This post has been languishing in my drafts since May. I still wanted to write about it and I figured I should get it out there before I officially work for Opscode and maybe say something I could get in trouble for later.
This is another one of those things that’s starting to crop up more often. Chef skills are in demand. It’s a complex tool allowing you to solve a suite of problems. You want the magic Chef skills so you can put your infrastructure in order. Or you want the team you manage to get the magic skills so they can start making happiness right now. So you think, “I’ll send them to training!” I’ve gotten a few email queries about Chef training and one client who was planning to send their engineers to Ruby training.
From the “this isn’t news department,” I’m here to tell you, it’s hard to find training. Opscode does have public training classes, but they are rare because Opscode is a startup and, just like you, doesn’t have an endless supply of Chef experts. All the Chef experts I know not working for Opscode are out writing code, not running training classes. Most of us either have jobs or long term consulting gigs or a couple of simultaneous long term consulting gigs.
I have more news for you though, all of it good. You don’t need no stinking training and neither do your engineers.
Recipe for a budding configuration management engineer:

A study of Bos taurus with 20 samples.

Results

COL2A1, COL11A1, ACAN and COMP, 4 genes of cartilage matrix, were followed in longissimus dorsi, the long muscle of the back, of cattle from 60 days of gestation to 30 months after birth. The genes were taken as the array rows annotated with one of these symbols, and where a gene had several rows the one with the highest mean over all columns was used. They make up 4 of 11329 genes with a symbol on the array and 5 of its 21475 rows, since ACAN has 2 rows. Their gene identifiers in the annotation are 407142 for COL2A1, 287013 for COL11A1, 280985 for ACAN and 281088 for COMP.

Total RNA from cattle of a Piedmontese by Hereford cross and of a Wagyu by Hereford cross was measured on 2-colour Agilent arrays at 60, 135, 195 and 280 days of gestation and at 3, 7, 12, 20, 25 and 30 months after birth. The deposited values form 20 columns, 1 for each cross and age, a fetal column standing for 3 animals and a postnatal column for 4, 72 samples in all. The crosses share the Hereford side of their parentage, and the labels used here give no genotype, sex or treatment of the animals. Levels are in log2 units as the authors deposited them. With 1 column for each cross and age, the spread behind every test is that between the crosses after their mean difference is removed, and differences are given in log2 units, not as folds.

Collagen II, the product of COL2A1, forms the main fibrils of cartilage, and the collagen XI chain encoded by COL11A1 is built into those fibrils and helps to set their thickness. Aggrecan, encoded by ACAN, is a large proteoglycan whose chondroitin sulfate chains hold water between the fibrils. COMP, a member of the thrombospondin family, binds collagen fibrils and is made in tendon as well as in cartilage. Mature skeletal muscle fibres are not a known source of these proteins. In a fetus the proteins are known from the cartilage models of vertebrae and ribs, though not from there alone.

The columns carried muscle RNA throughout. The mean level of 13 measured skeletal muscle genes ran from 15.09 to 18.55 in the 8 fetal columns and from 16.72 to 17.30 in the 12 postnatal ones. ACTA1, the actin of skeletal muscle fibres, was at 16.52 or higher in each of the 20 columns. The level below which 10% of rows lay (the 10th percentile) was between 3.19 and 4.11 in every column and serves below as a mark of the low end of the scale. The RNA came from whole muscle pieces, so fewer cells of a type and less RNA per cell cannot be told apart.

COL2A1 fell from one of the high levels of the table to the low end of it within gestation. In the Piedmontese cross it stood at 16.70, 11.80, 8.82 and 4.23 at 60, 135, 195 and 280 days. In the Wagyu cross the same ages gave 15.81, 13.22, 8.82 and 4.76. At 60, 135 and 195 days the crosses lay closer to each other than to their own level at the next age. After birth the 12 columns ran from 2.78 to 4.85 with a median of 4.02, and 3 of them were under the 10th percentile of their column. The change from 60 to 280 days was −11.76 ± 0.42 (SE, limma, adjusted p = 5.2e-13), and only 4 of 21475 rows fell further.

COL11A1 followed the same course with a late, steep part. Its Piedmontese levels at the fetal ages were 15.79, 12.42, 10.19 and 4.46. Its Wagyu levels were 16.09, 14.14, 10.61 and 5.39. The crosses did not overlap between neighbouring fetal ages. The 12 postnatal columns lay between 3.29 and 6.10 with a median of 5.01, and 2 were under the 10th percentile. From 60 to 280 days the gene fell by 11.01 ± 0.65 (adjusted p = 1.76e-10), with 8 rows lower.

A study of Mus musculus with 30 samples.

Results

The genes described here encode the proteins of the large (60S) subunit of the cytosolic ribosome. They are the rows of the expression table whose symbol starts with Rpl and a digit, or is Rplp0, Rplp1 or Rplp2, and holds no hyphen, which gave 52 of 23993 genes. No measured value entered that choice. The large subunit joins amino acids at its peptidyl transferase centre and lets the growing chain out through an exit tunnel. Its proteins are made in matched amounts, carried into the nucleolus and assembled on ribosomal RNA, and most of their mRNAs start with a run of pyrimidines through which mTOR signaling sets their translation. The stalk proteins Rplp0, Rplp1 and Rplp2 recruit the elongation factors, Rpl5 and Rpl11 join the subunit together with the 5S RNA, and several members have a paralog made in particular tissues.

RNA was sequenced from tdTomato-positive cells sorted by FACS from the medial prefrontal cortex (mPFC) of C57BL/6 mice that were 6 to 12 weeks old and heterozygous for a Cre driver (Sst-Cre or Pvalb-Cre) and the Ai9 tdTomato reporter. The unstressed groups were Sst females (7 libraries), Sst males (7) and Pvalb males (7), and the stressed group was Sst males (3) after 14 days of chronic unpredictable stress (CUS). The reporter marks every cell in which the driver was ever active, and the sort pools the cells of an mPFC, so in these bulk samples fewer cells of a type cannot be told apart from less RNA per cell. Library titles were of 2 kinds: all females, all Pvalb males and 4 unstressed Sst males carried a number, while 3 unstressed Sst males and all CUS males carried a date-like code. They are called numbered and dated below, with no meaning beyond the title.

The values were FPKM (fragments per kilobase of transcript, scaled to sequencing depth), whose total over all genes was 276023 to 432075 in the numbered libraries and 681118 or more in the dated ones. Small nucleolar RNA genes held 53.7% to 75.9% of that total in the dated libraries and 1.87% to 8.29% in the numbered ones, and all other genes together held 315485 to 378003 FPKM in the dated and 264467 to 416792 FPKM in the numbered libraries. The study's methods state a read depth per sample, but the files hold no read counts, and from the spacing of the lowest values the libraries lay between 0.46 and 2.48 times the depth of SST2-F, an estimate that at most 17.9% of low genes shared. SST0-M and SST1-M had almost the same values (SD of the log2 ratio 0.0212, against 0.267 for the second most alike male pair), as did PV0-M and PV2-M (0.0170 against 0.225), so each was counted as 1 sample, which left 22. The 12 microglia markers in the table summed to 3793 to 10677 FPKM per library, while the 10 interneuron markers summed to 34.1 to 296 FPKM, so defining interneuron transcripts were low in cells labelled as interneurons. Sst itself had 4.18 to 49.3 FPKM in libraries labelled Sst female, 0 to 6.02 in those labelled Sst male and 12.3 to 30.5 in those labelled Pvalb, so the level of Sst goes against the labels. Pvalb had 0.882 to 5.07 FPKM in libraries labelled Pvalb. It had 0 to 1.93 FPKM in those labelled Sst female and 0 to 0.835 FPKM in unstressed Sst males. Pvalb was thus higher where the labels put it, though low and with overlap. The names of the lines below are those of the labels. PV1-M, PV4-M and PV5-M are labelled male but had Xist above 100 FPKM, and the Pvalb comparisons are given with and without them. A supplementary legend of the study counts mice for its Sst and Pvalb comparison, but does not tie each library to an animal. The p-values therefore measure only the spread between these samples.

1 Internet connection w/access to a web browser and IRC
1 decent workstation (preferably OSX or Linux but we can cope with Windows)
1 meaningful, not too complicated use case to solve. The use case should be relevant to their every day life at work
Why don’t you need training? Most sysadmins and developers are dogged and inquisitive by nature. It’s what makes us engineers. We like to untangle puzzles and solve problems and often can’t put something down long after it’s time to go to bed because we want to try “just one more thing.”
Why don’t you need training? Because Opscode has open sourced all of their training materials: You can [clone/fork the training materials][fund]from Github. In exchange for your email address, Opscode will send you their open training materials.
Why don’t you need training? You don’t know enough to get the most of out of training. Anything complicated enough to require formal training is complicated enough that you will probably get more out of class if you arrive with some basic knowledge.
There, now you have all the information that people who paid for the class have. The only thing you don’t have is someone to answer questions. That’s ok, set up an IRC client and connect to the #chef and #learnchef channels on Freenode. If you don’t have an IRC client or your company blocks IRC ports, you can connect via the web client.
Looking for something a little more interactive? Visit [Learchef.com] - the product of much labor by Seth Vargo and Nathen Harvey. There you can find everything from introductory essays to screen casts and common use cases.
Opscode is doing all they can to make everything you need to learn Chef freely available on the internet. The problem with training classes is that often the material doesn’t address your use case, or it provides learning and lab examples that are too hard to relate
For the record, this topic spawned an evening of debate around the idea of training and what it’s good for. Note that I’m not saying you shouldn’t go to training; only that training is not required.